RIO DE JANEIRO – China’s Premier Li Keqiang and Brazilian President Dilma Rousseff agreed on Tuesday to embark on studies for an ambitious railway linking Brazil’s Atlantic coast with a Pacific port in Peru, and announced billions in other investments and trade deals.
Rousseff emphasized the importance of the project to cut down the time and cost to move commodities to the Asian market.
“A new path to Asia will open for Brazil,” said Rousseff. “It will cross our country from east to west, and the South American continent.”
The memorandum of agreement to begin feasibility studies on the trans-Andean railway will also involve the Peruvian government. Rousseff invited Chinese companies to participate.
The stop in Brasilia is the premier’s first on a four-nation South American tour that includes Chile, Peru and Colombia. It comes as the continent feels the pinch of lessening Chinese demand for its commodities.
“We’re moving into a different era, because China’s economy is transforming to being consumer based and it’s slowing down, so commodity prices are going down,” said Kevin Gallagher, professor of international relations at Boston University with expertise in China’s ties to Latin America. “Chinese trade and investment was Latin America’s best friend for a decade, and now everybody is in a panic.”
China remains the top trading partner for Latin America and the Caribbean, with $112 billion of the region’s exports heading to China in 2013, according to Gallagher. Li’s trip began in Brazil with the signature of 35 agreements that total a $53 billion investment in infrastructure, energy and mining among other areas over the next six years.
Chinese banks will back projects of state-run oil company Petrobras for $7 billion, a relief for the firm embroiled in a corruption scandal that has blocked access from credit markets. The kickback investigation has implicated Brazil’s biggest construction and engineering firms, delaying existing petrochemical complexes and key equipment needed to tap offshore fields works.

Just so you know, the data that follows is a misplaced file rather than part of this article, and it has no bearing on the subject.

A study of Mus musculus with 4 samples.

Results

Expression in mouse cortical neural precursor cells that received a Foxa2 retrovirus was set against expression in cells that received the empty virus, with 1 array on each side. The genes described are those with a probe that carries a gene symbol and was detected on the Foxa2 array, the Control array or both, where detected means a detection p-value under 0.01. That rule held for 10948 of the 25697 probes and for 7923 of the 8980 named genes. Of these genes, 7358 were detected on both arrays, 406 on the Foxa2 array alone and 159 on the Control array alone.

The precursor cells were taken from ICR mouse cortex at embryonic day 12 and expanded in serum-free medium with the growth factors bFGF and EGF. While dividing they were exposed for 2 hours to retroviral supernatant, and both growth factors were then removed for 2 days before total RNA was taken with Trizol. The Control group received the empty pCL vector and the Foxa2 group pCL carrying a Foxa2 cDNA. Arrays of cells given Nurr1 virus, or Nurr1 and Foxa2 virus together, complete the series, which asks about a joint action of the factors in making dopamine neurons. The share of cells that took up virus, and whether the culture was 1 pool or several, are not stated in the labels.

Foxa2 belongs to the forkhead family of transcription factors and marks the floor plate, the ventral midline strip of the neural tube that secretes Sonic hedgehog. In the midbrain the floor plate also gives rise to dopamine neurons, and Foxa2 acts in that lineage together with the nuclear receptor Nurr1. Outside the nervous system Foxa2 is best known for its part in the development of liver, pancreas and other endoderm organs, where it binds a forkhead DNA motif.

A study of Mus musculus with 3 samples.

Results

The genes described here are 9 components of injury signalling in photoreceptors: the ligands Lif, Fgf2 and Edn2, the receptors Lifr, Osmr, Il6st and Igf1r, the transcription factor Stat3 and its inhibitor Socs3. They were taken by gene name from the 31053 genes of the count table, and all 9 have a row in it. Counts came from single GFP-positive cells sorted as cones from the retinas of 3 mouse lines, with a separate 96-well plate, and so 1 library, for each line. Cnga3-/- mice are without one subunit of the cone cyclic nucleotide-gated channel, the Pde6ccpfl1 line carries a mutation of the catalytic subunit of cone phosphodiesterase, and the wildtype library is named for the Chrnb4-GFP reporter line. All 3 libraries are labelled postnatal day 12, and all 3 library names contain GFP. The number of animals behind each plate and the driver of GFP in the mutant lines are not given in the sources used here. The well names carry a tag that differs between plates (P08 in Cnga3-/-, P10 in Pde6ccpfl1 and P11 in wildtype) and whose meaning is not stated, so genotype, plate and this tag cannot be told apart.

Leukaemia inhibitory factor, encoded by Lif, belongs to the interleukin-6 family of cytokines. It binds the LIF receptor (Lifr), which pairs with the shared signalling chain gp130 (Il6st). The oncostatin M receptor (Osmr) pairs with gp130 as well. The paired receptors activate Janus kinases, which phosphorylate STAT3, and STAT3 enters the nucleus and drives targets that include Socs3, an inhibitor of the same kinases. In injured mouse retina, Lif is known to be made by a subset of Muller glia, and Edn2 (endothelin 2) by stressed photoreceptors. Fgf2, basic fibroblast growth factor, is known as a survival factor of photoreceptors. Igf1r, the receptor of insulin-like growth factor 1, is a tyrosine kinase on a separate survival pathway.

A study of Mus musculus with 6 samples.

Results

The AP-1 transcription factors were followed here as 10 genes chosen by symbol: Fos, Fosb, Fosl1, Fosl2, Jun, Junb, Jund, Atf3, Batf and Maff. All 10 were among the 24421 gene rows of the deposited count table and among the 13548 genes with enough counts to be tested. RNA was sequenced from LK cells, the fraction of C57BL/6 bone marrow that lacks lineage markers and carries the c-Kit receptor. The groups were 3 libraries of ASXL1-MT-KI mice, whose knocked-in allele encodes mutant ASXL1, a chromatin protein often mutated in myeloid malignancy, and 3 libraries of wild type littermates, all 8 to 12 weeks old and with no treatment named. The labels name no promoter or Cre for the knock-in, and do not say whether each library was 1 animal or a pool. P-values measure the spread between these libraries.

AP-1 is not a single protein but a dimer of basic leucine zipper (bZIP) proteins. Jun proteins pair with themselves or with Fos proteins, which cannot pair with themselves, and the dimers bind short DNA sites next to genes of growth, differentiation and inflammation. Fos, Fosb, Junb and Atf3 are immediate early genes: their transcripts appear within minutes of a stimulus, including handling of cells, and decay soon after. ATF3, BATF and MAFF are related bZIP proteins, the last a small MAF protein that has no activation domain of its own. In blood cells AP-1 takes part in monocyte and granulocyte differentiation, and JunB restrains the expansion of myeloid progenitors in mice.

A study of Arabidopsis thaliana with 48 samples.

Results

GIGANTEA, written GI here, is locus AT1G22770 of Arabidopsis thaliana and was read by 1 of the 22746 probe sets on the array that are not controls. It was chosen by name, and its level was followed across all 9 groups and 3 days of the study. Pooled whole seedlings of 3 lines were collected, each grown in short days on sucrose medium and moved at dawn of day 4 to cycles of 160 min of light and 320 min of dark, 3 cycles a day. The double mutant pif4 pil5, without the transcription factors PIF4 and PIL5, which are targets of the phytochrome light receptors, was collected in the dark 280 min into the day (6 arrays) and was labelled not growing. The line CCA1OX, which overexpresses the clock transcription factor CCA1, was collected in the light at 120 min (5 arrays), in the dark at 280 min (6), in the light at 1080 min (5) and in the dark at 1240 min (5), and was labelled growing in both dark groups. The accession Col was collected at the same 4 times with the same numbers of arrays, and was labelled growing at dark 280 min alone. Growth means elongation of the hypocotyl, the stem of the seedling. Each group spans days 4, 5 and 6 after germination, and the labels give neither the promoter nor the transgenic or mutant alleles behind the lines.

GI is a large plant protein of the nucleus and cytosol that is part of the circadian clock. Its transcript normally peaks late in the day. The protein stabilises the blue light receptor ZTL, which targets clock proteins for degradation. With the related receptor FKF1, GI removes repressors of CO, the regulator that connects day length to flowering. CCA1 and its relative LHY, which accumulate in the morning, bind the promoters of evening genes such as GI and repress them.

The Chinese government also agreed to buy 40 aircrafts from the Brazilian company Embraer and to build an industrial park for car manufacturing in the state of Sao Paulo.
Despite the big investments in infrastructure projects, analysts caution such announcements don’t always result in action.
Still, the timing for any influx of Chinese cash could not be better for Brazilians, whose economy is expected to shrink by at least 1 per cent this year.
Li and Rousseff did not offer many details on the railroad, but the Brazilian leader said it should travel from the Atlantic coast in the state of Rio de Janeiro deep through the Amazon jungle states of Mato Grosso and Acre and cross the border into Peru to reach the Pacific Ocean. The project is estimated at $30 billion.
It’s not clear yet when the feasibility studies will begin, and experts say given Brazil’s infamous red tape on big infrastructure projects, it’s likely many years away from being completed, if ever.
Plans for the railway, along with construction that’s already begun on a China-backed waterway canal cutting across Nicaragua, are part of China’s push to ease the delivery of the continent’s commodities to its market.
The Chinese premier said that investments in infrastructure will promote job creation in the ailing South American nation. “China has gained a lot of experience in this sector and would like to help reduce the cost of infrastructure in Brazil and create more jobs for locals,” Li said.
Brazil normally prefers to fund its big projects itself, said Renato Baumann, an expert in international affairs at the Brazilian government’s Institute for Applied Economic Research.
“However, the state these days is out of breath. It’s fiscally imbalanced with a savings deficit in the government accounts,” he said. “The state isn’t able to make many important investments,” making China’s money all the more vital.
Associated Press writer Brad Brooks reported from Rio de Janeiro.